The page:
Varsity Match 2022: Running style chimes a chord for Emily Bell in new role for Cambridge University RUFC
There is something infectious about the energy of Emily Bell.
Sitting in the bar at Cambridge University RUFC’s Grange Road, it felt like the 19-year-old was having to be restrained from bursting outside, picking up a ball and joining in the training session taking place on the pitch.
Bell described her approach as chaotic but it felt much more like someone who just loves life and you could not help but get drawn in by the enthusiasm.
As the Fitzwilliam College student talks of moving from outside centre, where she earned a first Blue last year, to full-back, you could understand how that bit more freedom on the pitch has paid dividends.
“Ball distributor is not my vibe, I like to get the ball and just run, having people trying to tackle me and fending them off,” Bell declares.
“It’s really insane but I love the pressure that full-back brings, knowing it is just you. You have to make that tackle, I love having to make that last tackle.
“When they said, ‘You’re playing full-back, how do you feel about that?’ I was like, ‘Yes, give it to me’. I love it, I love playing in the full-back shirt.
“I’ve got energy in abundance. I’m able to see everything at the back, what’s happening, and screaming to everyone. It’s great, I really do enjoy it.”
Bell arrived at Grange Road last year as a fresher, studying an MML in French and Spanish. She already possessed a wealth of rugby experience – sometimes a rarity for Cambridge – having taken up the sport aged 14.
“My local club, Sutton & Epsom, came to my school as an after-school club, and I remember thinking violence, yes!” she jokes.
“I’ve always been very energetic but not necessarily into a particular sport growing up, like dance or football or gymnastics from a young age.
“I decided to join the club, and have been doing it ever since. We can say it now that women’s rugby is increasing rapidly, and I think it was that start where it was really building. There were a lot of clubs that had young women so I did manage to play a lot of games and tournaments.”
Coming to study at Cambridge was not initially on Bell’s radar when studying at St Philomena’s Catholic High School for Girls.
It only became an idea when a Spanish teacher, who was also the head of sixth form, suggested she look at Target Oxbridge, a programme that aims to help black African and Caribbean students and students of mixed race with black African and Caribbean heritage increase their chances of getting into Oxford or Cambridge. Even then, it was almost an after-thought.
“I remember applying to that at the last minute,” says Bell. “If the deadline was midnight, I was at 11.59pm. I wasn’t thinking I would get into it, it seemed like it wasn’t for me.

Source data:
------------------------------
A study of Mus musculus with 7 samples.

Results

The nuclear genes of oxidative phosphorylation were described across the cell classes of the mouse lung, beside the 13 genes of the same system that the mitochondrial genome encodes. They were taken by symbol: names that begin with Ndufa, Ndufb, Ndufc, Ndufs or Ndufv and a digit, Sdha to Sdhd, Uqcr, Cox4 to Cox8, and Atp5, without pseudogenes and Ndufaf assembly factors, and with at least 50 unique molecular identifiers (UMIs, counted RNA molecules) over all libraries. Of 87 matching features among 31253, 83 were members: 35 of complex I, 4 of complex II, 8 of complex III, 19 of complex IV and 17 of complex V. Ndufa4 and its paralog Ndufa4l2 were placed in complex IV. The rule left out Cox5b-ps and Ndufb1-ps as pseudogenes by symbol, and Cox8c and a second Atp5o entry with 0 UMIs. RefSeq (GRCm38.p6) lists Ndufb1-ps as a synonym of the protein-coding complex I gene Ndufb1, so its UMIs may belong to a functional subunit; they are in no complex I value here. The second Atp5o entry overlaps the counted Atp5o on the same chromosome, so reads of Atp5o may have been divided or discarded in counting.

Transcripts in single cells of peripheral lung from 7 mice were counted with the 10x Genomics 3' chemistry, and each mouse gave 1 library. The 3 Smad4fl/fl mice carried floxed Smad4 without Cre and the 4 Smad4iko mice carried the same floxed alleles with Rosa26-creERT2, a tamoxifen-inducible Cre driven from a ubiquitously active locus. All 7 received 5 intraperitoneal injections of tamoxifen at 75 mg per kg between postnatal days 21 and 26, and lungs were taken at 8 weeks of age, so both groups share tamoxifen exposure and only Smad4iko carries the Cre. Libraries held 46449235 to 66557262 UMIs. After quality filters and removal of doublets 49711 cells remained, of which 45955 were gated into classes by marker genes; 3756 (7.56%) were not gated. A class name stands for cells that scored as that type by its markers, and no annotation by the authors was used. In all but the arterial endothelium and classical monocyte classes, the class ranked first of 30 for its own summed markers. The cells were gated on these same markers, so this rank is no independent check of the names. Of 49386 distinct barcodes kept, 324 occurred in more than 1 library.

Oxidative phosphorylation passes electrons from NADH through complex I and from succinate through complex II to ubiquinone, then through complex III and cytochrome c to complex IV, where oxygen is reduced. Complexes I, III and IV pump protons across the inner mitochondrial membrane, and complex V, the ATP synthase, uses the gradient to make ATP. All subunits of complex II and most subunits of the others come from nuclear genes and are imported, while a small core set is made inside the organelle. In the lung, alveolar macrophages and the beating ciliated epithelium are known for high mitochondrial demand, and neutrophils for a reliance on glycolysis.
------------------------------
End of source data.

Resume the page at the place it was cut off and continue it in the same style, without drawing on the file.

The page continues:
“I applied and got an interview for it, and then got onto Target Oxbridge, so they really helped me to apply to Cambridge. I literally just got swished along with the wave of applying through Target Oxbridge and it was successful.”
She talks passionately about studying languages, and a sign of her effervescent character comes when explaining why it appeals so much, and the reasoning is brilliant.
“I fell in love with language classes because they were the classes where we would stand up and learn vocab through actions, and I really just enjoyed them,” she says simply.
“I also love to chat, and chatting in French and Spanish is such a bonus. I wish it was something deeper or profound, literature, but no, I just love chatting!”
Bell has relished being swept up in everything that Cambridge has to offer. It was quite some whirlwind last year as the Covid pandemic and the return to rugby rules, including the adapted laws, meant the Varsity Match was played at Leicester Tigers’ Welford Road.
And the then 18-year-old’s prior rugby experience meant she found herself partnering 30-year-old match winner Maggie Simpson in the centres in just her third game for Cambridge, something she describes as “mind boggling”.
“I have a lot of energy and very am chaotic, but really deep in things that are intense,” explains Bell.
“It wasn’t until they called out Cambridge, and I stepped on that pitch, and my tummy went. That was when I fully felt the weight of the pressure.
“You have that first phase, and you think ‘this is just a game of rugby, let’s just play. It means a lot, but let’s just play our hearts out’.”
That they did, securing a 10-5 win.
She will earn a second Blue on Saturday, in what will be a first trip in any capacity to Twickenham.
“It’s just massive,” adds Bell. “England play there, and in my head I’m still little old me who picked up a rugby ball randomly in Year 9 and just likes to have a throw-about with my mates.”